Depending on how one interprets it, last week's so-called "razor thin" election win by Dalton McGuinty needn't change one whit the way Liberal govern the province.
Yes, the results were a huge slap in the face to Liberals -- losing some 17 seats compared to the 2007 vote -- but it won't affect the way they govern if they don't want to change.
Tim Hudak's Conservatives gained a dozen seats, and Andrea Horwath's NDP gained five, but since the Liberals need only one cross-over vote, it's unlikely another election will be called for at least a couple of years.
And even then, it implies that the NDP are going to feel sufficiently strong to be a contender.
The story of this election is twofold: In the lowest voter turnout on record (49.2 per cent compared to the second lowest turnout in 2007 at 52.8 per cent), only 2.2 per cent separated Liberals and Tories in the popular vote -- 37.6 per cent to 35.4 per cent.
The big difference was Toronto. Without Metro Toronto, the Liberals would have been toast, as all the GTA's 22 seats went to Liberal or the NDP. Central and Southern Ontario is essentially blue, except for the big cities.
Given that Ontario's north is solid NDP, it makes one wonder why the Tories fumble in Toronto these days, and why Tim Hudak failed to persuade Torontonians that he was a dynamo for change.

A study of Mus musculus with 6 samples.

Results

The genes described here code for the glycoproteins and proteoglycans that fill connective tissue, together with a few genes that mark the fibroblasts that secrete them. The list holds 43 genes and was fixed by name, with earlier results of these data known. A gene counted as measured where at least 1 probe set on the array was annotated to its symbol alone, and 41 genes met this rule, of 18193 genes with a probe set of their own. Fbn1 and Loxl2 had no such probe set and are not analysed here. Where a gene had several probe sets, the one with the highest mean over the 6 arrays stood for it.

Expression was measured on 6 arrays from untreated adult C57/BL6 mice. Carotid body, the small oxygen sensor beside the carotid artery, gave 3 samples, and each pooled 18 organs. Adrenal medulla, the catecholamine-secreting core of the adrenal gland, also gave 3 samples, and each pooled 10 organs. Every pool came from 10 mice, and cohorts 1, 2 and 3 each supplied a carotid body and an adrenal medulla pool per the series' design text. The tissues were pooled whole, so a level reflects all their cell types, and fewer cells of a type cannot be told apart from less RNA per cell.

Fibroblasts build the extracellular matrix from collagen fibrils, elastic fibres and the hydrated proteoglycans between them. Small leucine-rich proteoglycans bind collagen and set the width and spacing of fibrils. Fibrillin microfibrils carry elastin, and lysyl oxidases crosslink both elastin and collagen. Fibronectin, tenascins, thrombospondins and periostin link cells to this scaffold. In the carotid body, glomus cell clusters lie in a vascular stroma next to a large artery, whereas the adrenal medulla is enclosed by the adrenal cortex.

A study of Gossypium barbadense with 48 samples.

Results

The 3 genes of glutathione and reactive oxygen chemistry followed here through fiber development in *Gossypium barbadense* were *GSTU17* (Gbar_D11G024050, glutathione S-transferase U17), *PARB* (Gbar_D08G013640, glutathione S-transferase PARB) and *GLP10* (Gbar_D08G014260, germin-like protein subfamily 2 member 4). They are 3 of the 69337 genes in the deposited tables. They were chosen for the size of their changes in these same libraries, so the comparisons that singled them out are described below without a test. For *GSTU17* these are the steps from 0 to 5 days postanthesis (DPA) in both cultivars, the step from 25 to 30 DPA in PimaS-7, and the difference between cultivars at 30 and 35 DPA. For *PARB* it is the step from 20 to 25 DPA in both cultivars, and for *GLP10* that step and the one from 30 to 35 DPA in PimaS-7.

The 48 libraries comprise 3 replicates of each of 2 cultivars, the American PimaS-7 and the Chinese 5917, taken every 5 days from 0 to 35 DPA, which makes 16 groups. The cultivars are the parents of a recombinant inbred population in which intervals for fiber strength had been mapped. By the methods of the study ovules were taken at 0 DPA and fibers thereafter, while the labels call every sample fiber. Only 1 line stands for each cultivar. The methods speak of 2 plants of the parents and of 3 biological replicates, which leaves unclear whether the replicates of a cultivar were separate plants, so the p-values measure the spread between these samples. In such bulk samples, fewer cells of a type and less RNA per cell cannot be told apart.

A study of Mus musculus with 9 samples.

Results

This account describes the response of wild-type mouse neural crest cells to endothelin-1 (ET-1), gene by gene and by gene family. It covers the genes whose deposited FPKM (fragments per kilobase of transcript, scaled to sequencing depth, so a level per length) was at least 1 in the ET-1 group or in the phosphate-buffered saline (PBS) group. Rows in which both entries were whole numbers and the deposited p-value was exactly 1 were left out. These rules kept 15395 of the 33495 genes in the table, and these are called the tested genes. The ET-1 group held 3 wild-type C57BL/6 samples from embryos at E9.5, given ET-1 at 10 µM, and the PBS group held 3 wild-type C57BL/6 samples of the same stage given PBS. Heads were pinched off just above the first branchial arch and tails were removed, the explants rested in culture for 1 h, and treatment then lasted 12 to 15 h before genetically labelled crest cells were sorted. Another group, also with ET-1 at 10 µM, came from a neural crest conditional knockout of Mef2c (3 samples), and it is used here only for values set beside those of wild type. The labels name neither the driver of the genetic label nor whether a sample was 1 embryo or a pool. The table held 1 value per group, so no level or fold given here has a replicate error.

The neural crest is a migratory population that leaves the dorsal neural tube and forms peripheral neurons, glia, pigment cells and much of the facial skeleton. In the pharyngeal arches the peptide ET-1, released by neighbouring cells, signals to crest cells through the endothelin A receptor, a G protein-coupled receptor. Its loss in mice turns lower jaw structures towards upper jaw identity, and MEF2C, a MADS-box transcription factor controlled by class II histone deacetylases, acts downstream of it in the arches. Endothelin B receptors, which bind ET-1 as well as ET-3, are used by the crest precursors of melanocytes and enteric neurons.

In multicultural Toronto, he erred when he savaged McGuiny's declared plan to give $10,000 to firms that hired relatively recently-arrived immigrants. The error was not in slamming the proposal, but in declaring these immigrants (and citizens) as "foreigners."
It seemed to reveal a mind-set -- foolish, perhaps, because anyone named "Hudak" has roots far away from North America.
McGuinty is getting accolades because even his party's win represents an uphill achievement from where he and his party were in polls a few weeks ago. McGuinty is praised for his campaign of recovery.
A closer look reveals something a bit different (if one wants to see it).
When McGuinty and the Liberals were down in the polls and sinking, little was heard from Hudak. He seemed prepared to let the Liberals self-destruct without comment from him.
Maybe if Hudak had run a campaign on silence, instead of uttering banalities and refusing to answer certain pointed questions, he'd have done better in Toronto and urban centres. As it was, he did fine in rural areas.
None of this means that Hudak is destined for his party's ash heap.
But he could practce a bit of what Mike Harris preached when he came from nowhere to win two successive elections. And he might learn from Toronto Mayor Rob Ford who had all the elites against him, but stood up for the "people."
Uncertainty shrouds Hudak, which is his job to dispense if he's ever going to be premier.
As for the NDP's Andrea Horwath, she is entitled to feel chuffed up -- a newly-minted leader who improved her party's popularity in the polls and in Legislature seats.
Optimists tend to say that the election results put McGuinty "on a much shorter leash." It's hard to see that if he has legislation he wants to impose. He's not in a situation as Joe Clark was in when he beat Trudeau in 1980, and tried to govern as if he had a big majority. Joe couldn't count -- McGuinty can, and he's in little danger of being ousted by the opposition ganging up on him.